Using carpet runners has become the preferred method for enhancing the style quotient of staircases. Stair carpet runners are a practical solution for adding some cushion to the stairs and making them more aesthetically appealing. Today, the market offers many types of runners that can be used for this purpose. However, vinyl carpet runners are engaging a lot of attention, as they are economically-priced, besides being easy-to-install and durable. The entire process of installing carpet runners is not as challenging as it may seem to some people. With the right kind of tools and some systematic guidance, every homeowner can add a stair carpet runner.
Preparing the Strips
Prepare tackless strips that are 4-inches shorter than the actual width of the runner. Prepare one tackless strip for each of the stair treads that are to be carpeted. Each strip should be placed parallel to the corner, between the tread and the riser.
Preparing the Padding
The carpet padding should be as wide as the tackless strips. Cut the carpet padding to the measured size, using a carpet knife. For accuracy, initially compare one carpet padding with a tack strip to ensure that they are of equal width. Wrap the padding around the front end of the steps. The padding should hang by about 2 inches over the outer edge of each step. Once the carpet pad is placed on each step, secure its positioning by stapling down each pad to the steps with the staple gun.
Trimming the Carpet
Roll down the carpet along the length of the stairs to gain an idea of the desired length. Now, cut the carpet roll about 3-inches wider than the width of finished runner. Turnover the carpet and using a chalk, draw a line on each side of the carpet so that the distance between the drawn chalk lines equals the breadth of the runner.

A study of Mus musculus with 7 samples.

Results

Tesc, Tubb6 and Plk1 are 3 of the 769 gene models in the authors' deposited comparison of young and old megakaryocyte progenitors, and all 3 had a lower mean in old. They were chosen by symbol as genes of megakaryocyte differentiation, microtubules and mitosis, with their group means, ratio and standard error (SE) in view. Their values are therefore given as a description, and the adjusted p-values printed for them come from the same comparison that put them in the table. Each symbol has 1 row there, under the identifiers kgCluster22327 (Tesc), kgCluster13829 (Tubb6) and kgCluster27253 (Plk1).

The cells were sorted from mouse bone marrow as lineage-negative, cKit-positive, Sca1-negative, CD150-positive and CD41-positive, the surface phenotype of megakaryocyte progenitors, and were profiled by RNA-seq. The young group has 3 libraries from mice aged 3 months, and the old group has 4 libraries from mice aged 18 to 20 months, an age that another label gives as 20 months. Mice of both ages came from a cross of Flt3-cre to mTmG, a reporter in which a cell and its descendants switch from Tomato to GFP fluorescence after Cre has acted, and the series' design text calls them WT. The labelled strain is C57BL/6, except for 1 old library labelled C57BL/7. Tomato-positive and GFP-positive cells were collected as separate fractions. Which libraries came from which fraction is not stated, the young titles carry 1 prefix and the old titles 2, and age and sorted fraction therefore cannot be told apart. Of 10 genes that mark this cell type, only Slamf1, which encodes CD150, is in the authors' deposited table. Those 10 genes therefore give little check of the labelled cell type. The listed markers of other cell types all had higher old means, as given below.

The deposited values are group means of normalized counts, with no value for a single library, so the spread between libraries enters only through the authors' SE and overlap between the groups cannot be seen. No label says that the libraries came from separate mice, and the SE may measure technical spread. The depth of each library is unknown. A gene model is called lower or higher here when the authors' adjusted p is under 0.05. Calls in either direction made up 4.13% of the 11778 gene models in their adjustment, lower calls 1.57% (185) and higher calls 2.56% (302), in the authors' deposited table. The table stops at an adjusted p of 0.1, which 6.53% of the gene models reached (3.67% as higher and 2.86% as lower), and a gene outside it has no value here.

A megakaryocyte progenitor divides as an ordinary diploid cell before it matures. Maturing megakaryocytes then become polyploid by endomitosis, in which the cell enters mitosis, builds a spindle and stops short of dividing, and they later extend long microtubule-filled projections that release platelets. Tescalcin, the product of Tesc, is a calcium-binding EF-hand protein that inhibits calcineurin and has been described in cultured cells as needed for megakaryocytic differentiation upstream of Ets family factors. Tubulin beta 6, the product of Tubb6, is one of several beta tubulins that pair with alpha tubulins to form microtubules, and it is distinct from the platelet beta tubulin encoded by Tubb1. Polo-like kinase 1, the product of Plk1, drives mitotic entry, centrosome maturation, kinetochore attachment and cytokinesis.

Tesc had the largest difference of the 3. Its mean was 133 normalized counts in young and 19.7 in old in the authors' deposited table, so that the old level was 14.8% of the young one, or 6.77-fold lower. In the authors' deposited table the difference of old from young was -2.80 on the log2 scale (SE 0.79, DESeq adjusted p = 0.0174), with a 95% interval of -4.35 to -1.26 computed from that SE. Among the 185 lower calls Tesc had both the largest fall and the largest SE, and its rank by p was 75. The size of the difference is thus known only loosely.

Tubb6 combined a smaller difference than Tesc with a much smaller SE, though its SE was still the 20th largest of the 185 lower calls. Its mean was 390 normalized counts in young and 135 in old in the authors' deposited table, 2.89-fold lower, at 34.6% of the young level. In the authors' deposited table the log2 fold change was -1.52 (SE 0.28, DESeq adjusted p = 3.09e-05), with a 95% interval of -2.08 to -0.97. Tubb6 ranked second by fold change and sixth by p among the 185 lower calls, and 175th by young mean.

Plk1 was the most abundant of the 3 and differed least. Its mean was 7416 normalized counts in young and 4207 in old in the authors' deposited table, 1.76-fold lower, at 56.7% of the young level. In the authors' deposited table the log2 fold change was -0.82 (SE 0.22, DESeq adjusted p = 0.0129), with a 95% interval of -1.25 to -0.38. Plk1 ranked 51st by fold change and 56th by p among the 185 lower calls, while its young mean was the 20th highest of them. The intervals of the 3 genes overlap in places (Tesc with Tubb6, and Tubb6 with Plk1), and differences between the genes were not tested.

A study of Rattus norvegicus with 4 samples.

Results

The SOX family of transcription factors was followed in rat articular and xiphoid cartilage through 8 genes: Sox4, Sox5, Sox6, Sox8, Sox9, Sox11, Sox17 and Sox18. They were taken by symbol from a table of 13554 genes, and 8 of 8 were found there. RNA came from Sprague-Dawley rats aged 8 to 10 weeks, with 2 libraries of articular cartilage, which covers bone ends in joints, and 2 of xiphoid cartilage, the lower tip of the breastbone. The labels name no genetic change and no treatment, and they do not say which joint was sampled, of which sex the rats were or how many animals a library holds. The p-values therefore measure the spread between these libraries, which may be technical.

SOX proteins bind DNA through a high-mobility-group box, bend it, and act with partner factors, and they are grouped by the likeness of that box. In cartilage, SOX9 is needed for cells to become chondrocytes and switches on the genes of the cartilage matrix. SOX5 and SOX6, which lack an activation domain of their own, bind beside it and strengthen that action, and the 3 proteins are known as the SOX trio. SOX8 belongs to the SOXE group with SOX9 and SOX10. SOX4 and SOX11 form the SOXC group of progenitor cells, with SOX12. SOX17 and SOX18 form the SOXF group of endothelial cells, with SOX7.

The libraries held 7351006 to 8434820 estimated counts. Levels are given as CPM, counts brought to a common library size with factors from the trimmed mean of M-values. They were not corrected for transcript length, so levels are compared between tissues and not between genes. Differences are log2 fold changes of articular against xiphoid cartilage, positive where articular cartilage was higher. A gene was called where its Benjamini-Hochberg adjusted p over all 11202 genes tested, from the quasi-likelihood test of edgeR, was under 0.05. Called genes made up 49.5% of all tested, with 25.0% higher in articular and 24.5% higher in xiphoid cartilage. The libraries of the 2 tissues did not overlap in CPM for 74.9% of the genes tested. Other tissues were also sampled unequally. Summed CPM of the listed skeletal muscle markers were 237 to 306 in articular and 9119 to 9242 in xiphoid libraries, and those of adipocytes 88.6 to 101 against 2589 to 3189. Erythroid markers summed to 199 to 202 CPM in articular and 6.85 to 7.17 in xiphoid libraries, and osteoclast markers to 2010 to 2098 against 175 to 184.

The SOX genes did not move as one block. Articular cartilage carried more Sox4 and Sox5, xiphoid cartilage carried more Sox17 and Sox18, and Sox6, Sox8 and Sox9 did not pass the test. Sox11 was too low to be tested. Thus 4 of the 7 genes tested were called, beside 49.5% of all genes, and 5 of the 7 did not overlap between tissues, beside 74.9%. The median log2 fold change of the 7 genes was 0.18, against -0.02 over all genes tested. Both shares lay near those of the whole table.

Creasing and Attaching the Carpet Runner
You can use an awl to fold the carpet along the chalk lines. Carefully, fold the edges of carpet towards the inside and position the carpet on the bottom edge of each of the steps. An awl can be used for pushing the carpet and aligning it on the tackless strips.
Stapling the Riser
The carpet has to be firmly stapled on the riser and a staple gun is the best option for this work. Once the tackless strips and the carpet are properly aligned with the tackless strips being precisely centered on each step, start the stapling using the ½-inch staple gun.
Tucking the Carpet
Push the carpet tightly into the corner between the tread and the riser, using a knee kicker. To ensure that the carpet is properly wedged in the corner, use a stair tool for pushing it hard into the corner.
Straightening the Edges
Newly installed stair carpet runners often have a few folds that tend to get firm with time if not treated early. To smoothen the carpet, use the awl for pulling at the bottom of the carpet folds. This is the best method to ensure that the carpet is pulled tightly over the edges, removing any chance of folds developing.